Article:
A Family-Level Evaluation Of The Drivers Of Fish Invasions

Thursday, September 12, 2013: 8:00 AM
Harris Brake (The Marriott Little Rock)
Landon Pierce , Department of Fisheries and Wildlife, University of Missouri, Columbia, MO
Craig P. Paukert , Department of Fisheries and Wildlife Sciences, U.S. Geological Survey Missouri Cooperative Fish and Wildlife Research Unit, Columbia, MO
Joanna Whittier , Department of Fisheries and Wildlife Sciences, University of Missouri, Columbia, MO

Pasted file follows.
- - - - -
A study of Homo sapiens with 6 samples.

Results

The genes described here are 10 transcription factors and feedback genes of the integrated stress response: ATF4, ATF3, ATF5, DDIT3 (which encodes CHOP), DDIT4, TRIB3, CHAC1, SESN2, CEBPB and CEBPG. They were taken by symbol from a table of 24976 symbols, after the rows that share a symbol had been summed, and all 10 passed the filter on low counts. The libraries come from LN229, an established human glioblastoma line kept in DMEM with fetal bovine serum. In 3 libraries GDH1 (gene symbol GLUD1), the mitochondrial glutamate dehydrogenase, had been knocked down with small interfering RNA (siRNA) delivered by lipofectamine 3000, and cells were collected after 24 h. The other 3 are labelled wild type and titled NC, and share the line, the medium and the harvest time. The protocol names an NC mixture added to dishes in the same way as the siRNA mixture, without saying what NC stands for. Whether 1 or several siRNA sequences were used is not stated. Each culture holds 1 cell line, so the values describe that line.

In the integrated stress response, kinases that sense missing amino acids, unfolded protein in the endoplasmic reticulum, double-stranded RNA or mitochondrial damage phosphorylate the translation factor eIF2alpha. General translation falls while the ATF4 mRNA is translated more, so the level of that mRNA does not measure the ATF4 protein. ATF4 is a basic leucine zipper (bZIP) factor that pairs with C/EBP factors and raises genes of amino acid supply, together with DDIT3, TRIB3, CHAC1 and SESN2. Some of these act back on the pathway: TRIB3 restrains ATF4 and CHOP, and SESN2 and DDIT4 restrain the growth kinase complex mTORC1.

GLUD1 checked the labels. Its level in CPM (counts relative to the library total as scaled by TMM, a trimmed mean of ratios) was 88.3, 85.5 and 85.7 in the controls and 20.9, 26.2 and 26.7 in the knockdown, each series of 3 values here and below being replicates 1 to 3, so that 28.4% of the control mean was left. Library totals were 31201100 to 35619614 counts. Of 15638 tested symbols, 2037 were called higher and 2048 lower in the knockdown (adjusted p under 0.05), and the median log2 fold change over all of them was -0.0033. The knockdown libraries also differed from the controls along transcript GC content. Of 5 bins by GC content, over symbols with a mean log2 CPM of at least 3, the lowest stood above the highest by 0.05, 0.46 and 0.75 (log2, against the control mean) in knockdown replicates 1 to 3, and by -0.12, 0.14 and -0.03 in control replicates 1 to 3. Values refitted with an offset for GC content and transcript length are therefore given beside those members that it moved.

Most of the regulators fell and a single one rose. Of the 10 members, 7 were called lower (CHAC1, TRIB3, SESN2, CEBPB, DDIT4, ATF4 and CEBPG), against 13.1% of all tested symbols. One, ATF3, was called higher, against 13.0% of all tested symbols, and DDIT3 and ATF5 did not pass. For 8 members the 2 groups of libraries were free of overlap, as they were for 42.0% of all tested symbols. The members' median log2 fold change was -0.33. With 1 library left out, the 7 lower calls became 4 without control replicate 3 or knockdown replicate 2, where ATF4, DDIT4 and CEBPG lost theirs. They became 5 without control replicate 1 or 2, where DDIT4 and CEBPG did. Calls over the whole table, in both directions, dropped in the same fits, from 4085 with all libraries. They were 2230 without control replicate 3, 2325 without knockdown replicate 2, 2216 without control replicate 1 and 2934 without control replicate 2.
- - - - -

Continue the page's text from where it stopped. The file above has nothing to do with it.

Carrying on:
The ability to predict the establishment of non-native fishes is critical to preventing their spread and conserving native fishes, but the drivers of fish invasions are relatively unclear; potentially (in part) due to the biological scale (e.g., species richness) that invasions are commonly evaluated.  We used fish community samples (n=163) from the Upper Colorado River Basin to evaluate the drivers of non-native fish occurrence at the family taxonomic level.  We calculated metrics of anthropogenic alteration to flow regime, physical habitat, water quality, and energy source using the density and severity of landscape-level threats as measures of habitat alteration.  Non-native cyprinid (e.g., fathead minnow Pimephales promelas) occurrence increased with habitat alteration, but decreased with increased native salmonid presence.  Non-native salmonid (e.g., brook trout Salvelinus fontinalis) occurrence decreased with increased presence of native salmonids and cyprinids.  However, non-native catostomid (e.g., white sucker Catostomus commersonii) occurrence increased with the presence of native catostomids and habitat alteration.  Habitat alteration and native fishes may be useful predictors of future invasions, but the drivers of invasions vary by taxa.  A taxonomic approach may be an informative approach for identifying the drivers of species invasions across large geographic areas.